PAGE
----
By: Tami Zupkow Hannon, Esq.
I often get asked what topics to train on when faced with limited resources. These questions frequently overlap lawsuits alleging little or no training. It is virtually impossible to train on every possible situation. So how do you make those training dollars count?
The following areas draw the most lawsuits and are always good subjects for training:
- Use of Force – the continuum, going up AND down the continuum in response to changing situations, the use of deadly force;
- Providing Medical Care – recognizing and documenting an individual’s appearance and any medical care provided both in the corrections and arrest setting;
- Report Writing – I’ll admit I have never seen a lawsuit alleging negligent report writing, but I have seen many a lawsuit stemming from a poorly written report. Review what should and should not be in a report;
- Probable Cause for an arrest;
- Seizures – determining when stops are appropriate and the limits of each type of stop – traffic, consensual, reasonable suspicion, warrant-less arrests;
- Searches – what searches go with what seizures – frisk, inventory, incident to arrest, etc., executing a search warrant;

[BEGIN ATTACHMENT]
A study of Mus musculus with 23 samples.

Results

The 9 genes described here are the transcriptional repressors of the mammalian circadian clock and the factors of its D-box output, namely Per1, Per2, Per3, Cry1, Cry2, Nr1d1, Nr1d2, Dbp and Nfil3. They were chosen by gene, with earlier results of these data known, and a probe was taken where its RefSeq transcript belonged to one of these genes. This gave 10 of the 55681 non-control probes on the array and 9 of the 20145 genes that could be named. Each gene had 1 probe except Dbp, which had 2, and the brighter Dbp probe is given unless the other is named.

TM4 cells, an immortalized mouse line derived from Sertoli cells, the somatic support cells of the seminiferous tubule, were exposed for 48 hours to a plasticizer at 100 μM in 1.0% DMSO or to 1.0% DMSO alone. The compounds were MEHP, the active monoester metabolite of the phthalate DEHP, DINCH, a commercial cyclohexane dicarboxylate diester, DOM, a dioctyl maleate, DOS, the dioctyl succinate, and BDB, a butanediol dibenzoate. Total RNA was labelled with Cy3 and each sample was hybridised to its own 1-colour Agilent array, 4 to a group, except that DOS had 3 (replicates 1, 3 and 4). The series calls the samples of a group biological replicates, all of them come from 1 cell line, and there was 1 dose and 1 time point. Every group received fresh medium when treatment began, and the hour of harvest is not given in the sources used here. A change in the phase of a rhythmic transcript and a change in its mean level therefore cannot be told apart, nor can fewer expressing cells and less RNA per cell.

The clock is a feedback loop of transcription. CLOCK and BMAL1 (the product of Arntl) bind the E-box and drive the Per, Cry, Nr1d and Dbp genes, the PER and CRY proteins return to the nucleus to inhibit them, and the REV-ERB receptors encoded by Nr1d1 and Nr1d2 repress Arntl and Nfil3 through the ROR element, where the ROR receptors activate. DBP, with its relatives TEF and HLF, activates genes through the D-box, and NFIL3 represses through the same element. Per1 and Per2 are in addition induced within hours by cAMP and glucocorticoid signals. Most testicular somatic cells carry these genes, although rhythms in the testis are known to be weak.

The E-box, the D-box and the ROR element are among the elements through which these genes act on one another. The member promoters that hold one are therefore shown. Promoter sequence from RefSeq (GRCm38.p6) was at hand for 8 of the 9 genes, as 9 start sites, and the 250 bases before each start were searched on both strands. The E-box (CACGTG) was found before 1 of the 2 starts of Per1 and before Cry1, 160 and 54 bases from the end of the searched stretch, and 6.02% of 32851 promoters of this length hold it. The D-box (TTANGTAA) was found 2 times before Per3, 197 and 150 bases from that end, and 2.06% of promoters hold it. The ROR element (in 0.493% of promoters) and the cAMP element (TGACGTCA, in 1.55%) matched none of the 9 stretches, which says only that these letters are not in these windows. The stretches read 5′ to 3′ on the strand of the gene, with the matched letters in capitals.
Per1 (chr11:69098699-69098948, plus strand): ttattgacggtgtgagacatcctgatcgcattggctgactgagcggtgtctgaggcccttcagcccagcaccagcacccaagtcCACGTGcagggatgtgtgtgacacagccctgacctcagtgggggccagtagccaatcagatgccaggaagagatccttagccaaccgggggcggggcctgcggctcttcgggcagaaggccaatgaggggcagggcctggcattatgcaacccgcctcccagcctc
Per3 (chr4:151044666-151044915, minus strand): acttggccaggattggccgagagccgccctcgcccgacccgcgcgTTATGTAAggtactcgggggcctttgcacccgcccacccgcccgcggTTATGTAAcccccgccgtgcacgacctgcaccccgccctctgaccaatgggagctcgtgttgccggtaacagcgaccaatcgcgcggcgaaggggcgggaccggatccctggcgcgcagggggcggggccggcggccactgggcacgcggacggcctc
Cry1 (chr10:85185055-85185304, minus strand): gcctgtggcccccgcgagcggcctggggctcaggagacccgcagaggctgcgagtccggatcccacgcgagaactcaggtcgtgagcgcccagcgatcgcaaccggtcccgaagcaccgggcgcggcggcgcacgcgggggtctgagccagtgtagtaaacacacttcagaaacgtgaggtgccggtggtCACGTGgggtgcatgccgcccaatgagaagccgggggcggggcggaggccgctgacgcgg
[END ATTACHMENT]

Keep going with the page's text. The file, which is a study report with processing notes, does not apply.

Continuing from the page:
- Interactions with the Disabled – this issue is becoming more prevalent. Discuss how to recognize and respond to someone with a medical or mental health issue;
- Evidence – handling, preserving and logging, scene preservation;
- Harassment and Discrimination – in interactions with citizens, arrestees, detainees and prisoners, AND coworkers;
- Internal Reviews and Investigations – designate and train appropriate officers on conducting internal reviews of incidents to ensure policies are followed and appropriate discipline given.
Outside of (or even within) these areas, review the calls you routinely handle and the most frequent situations that arise. Train your officers on handling those calls. Next, look to the less frequent but larger issues – perhaps non-English speakers, rapes, or shootings – and train officers to manage those as well. Training on the most infrequently occurring issues can similarly be less frequent.